Related projects

TRESCA connects and collaborates with a range of other unique projects on science communication. Each project listed below has their own unique perspective on science communication and how to improve quality, trust, and innovation. The resources that these projects offer are designed to improve science communication, raise the skills of communicators and journalists, to increase creativity in new initiatives, and to improve the relationships between different stakeholders and raise trust. The projects are listed alphabetically.

CONCISE (2018-2021) aimed to provide qualitative knowledge through citizen consultation on the means/channels by which EU citizens acquire their science-related knowledge, and how this knowledge influences their beliefs, opinions and perceptions. For this purpose, CONCISE carried out five citizen consultations in five countries: Lisbon (Portugal), Valencia (Spain), Vicenza (Italy), Trnava (Slovakia) and Lodz (Poland), in order to explore the understanding of 500 EU citizens around four selected topics: vaccines, complementary and alternative medicine use, genetically modified organisms, and climate change. The projects has concluded and results are already available on their website.

ENJOI explores and tests engagement as a key asset of innovation in science communication distributed via media platforms, with a strong focus on journalism. Together with a variety of stakeholders ENJOI is working on a set of standards, principles and indicators (SPIs) that feed a Manifesto for an Outstanding Open Science Communication. One of the main ENJOI outcomes is a dedicated permanent Observatory that is going to be the project landmark where all results and outputs available to foster capacity building and collaboration of all actors in the field. ENJOI’s ultimate goal is that of improving science communication by making it more consistently reliable, truthful, open and engaging. ENJOI will contribute to the active development of critical thinking, digital awareness and media literacy of all involved actors.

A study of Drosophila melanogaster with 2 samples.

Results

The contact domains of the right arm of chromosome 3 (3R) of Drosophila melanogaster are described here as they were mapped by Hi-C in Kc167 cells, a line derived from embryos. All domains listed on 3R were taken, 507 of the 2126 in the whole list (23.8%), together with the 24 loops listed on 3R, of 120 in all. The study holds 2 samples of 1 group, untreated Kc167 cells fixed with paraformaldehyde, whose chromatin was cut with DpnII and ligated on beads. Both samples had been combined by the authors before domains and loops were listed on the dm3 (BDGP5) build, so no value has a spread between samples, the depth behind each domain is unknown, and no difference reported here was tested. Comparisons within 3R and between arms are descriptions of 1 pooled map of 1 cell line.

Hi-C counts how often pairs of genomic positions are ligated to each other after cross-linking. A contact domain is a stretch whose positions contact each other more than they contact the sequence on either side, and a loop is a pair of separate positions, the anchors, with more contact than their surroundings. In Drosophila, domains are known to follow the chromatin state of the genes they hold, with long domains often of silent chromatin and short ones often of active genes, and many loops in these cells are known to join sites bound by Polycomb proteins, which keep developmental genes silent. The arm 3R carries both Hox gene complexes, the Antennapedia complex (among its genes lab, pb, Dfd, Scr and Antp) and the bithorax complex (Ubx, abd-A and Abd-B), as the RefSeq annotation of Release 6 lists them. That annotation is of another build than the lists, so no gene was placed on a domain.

GlobalSCAPE contributes to a more comprehensive picture of science communication by cataloguing the challenges and opportunities faced by science communication professionals around the world as they navigate a rapidly changing field. Participating science communicators will take part in a year-long programme of electronically-facilitated diary studies. The results will be used in designing a Global Science Communication module, an associated training workshop, and policy recommendations for improving science communication on a global scale.

NEWSERA (Citizen Science as the new paradigm for science communication) analyses and evaluates innovative communication strategies addressed to quadruple helix stakeholders in citizen science projects as the new paradigm for science communication, which will ultimately open up science and innovation and increase trust in science. The #CitSciComm Labs will test a bottom-up approach to co-design strategies to improve the science communication practices and impact of the participating citizen science projects.

ParCos aims to change the way that science stories are communicated, by inviting the audience to participate and interpret the data for themselves. The project will explore ways to ensure diversity and inclusion in science participation and communication. It also looks into creating stories, through popular media forms, that engage the public in science activities and the interpretation of the outcomes.

QUEST (2019-2021) defined, measured and supported quality in science communication in three strands: journalism, museums, and social media. The project developed tools and guidelines for improving effectiveness in the dialogue between science and wider publics, including educational toolkits for scientists, journalists, communicators. All toolkits are organized according to the final users and available on their website.

RETHINK aims to understand the emerging landscape of science communication and establish conditions for science communicators to stimulate open, transparent and productive science-society interactions. On RETHINK website you can find deliverables related to sense making, quality of online science communication and underserved audiences, as well as a series of resources such as training toolkits and “capsules” consisting of videos, infographics, factsheets, minilectures, guidelines and instructions.